Article 8

Everyone has the right to an effective remedy by the competent national tribunals for acts violating the fundamental rights granted him by the constitution or by law.


About my work

After Grenfell Tower burnt down, I was outraged to discover that six months earlier, the Grenfell Tower Action Group had posted about their fears a fire would result in serious loss of life. Everyone was too busy or uncaring to look at their concerns. When I watched the tower burn I could see their souls escaping in the smoke; I was very affected and I knew I needed to represent this terrible injustice. The cladding was cheap and put there to make the tower look better as it was in the eyeline of some very expensive properties. The gas lines ran down the stairwell, the only escape route. These lives were deemed less consequential than others. 

I cannot wait to see the finished quilts. This international project represents a chapter in history. It should be recognised as a work of protest and unity, and as an indication that the will and the compassion to address our problems does exist.

- Libbertine


About me

Maker of things that question, it is all about extremes with me. I am bound to question structures of all kinds. This is manifest in a number of ways, mostly in a passion for the freedom of sewing-machine sketching and embroidery, but I am also fascinated by geometric metal structures. The hard and the soft path is the one I tread (I am also either dieting or overeating). I have just finished my second year of a Contemporary Design Crafts BA at Hereford College of Arts.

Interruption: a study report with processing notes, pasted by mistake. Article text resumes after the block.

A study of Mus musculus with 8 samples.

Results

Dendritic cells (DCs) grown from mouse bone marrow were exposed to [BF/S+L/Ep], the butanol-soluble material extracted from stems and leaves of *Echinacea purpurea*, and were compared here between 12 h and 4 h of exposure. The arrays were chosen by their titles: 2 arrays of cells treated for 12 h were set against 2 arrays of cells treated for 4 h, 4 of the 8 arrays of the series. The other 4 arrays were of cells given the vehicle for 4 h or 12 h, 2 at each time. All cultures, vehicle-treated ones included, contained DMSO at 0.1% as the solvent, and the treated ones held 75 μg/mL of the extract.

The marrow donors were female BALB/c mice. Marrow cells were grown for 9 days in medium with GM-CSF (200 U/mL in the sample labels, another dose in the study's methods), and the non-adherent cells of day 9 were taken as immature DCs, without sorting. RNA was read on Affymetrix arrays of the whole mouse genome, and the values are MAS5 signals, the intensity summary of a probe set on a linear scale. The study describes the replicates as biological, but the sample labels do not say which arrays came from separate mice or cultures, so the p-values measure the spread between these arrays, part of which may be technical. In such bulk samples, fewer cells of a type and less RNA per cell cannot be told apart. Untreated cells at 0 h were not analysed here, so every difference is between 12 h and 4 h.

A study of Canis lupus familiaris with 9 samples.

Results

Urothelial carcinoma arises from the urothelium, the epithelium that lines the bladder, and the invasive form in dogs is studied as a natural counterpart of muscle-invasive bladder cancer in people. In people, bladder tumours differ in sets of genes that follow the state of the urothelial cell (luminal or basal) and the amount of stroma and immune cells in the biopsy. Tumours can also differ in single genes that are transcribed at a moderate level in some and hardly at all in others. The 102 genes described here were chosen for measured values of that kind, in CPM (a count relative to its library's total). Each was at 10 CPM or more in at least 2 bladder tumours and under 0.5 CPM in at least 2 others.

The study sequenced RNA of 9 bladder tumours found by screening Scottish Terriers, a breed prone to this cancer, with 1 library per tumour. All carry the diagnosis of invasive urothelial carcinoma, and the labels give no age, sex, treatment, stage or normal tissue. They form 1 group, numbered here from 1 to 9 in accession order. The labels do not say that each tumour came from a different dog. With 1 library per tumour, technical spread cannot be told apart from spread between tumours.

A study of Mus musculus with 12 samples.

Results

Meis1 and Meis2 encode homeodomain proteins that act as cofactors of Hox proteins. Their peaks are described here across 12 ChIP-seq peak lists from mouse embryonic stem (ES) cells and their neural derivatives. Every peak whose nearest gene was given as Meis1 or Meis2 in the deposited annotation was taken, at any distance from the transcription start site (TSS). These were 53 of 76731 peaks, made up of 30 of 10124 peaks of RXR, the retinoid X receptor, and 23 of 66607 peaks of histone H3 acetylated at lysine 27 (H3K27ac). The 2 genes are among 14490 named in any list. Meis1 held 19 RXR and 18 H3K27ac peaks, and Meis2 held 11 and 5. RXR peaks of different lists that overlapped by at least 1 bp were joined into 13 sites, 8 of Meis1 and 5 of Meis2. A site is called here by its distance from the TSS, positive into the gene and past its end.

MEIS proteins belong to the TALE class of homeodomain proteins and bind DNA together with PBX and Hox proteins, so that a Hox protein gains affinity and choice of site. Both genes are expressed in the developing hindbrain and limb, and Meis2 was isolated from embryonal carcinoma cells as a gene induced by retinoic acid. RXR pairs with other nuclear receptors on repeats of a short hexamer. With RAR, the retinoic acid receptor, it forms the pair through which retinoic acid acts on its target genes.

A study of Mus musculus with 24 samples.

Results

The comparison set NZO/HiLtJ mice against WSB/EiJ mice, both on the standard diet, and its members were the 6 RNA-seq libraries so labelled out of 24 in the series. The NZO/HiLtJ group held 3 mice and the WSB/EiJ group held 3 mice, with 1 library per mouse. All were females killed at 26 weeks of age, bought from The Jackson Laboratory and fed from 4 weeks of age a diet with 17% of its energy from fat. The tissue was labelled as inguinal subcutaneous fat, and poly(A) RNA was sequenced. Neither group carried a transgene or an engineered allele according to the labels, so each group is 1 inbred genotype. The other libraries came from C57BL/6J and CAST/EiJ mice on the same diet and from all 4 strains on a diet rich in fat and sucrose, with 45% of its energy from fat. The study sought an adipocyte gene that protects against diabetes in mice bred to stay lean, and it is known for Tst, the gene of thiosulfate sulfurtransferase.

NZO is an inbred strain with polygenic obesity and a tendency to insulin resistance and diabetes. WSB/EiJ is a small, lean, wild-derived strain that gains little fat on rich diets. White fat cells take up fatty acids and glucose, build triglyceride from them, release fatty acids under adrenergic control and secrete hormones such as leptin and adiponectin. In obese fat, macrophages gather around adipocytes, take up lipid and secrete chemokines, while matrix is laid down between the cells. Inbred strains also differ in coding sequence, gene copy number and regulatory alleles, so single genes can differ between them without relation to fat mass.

As a teenager I decided to reject modern society. I had never felt included and so the natural step forward was to separate myself from it, and to become what is now called a New Age traveller. What I was seeking was a greater connection with nature and my environment, and a less materialistic approach to life. I lived sustainably and worked hard for the little I had. It was not a lawless existence but nonetheless I was persecuted and hounded by both the general public and law enforcement. It was a small glimpse into the world that many experience to a much higher degree. 

Around me today I see the dehumanisation of people who are struggling, people who need our help, in many cases because of the crisis in their own lands created in some part by the leaders of ours. It scares me to see that humans do not know how to learn from the mistakes of the past and it saddens me that we are likely to see this suffering magnified in the coming years. I have spent a considerable amount of time fostering the skills of others and helping people to develop their moral fibre, within an educational setting and the creative realm and with my own children. 

At last I decided that it was also important to foster the same within myself. Tired of holding my tongue about inequality within the workplace, home and wider world, I began to use my love of craft to give a voice to others who perhaps don’t have it. I use thread to explore the narratives of others; I find reward in expressing other people’s voices, hearing them and drawing the threads of their tales into breakable threads of soft canvas. The process of free-motion sewing allows me a simple approach to quickly express these tales. 

Sharing this experience with fellow fibre artists across the globe is incredible. Seeing the blocks come in and being posted up on social media made me feel a unity and connection with others I had not encountered. Seeing the depth of skill and context was truly humbling and inspiring, and to have my work woven into a whole gave me a great sense of pride and achievement.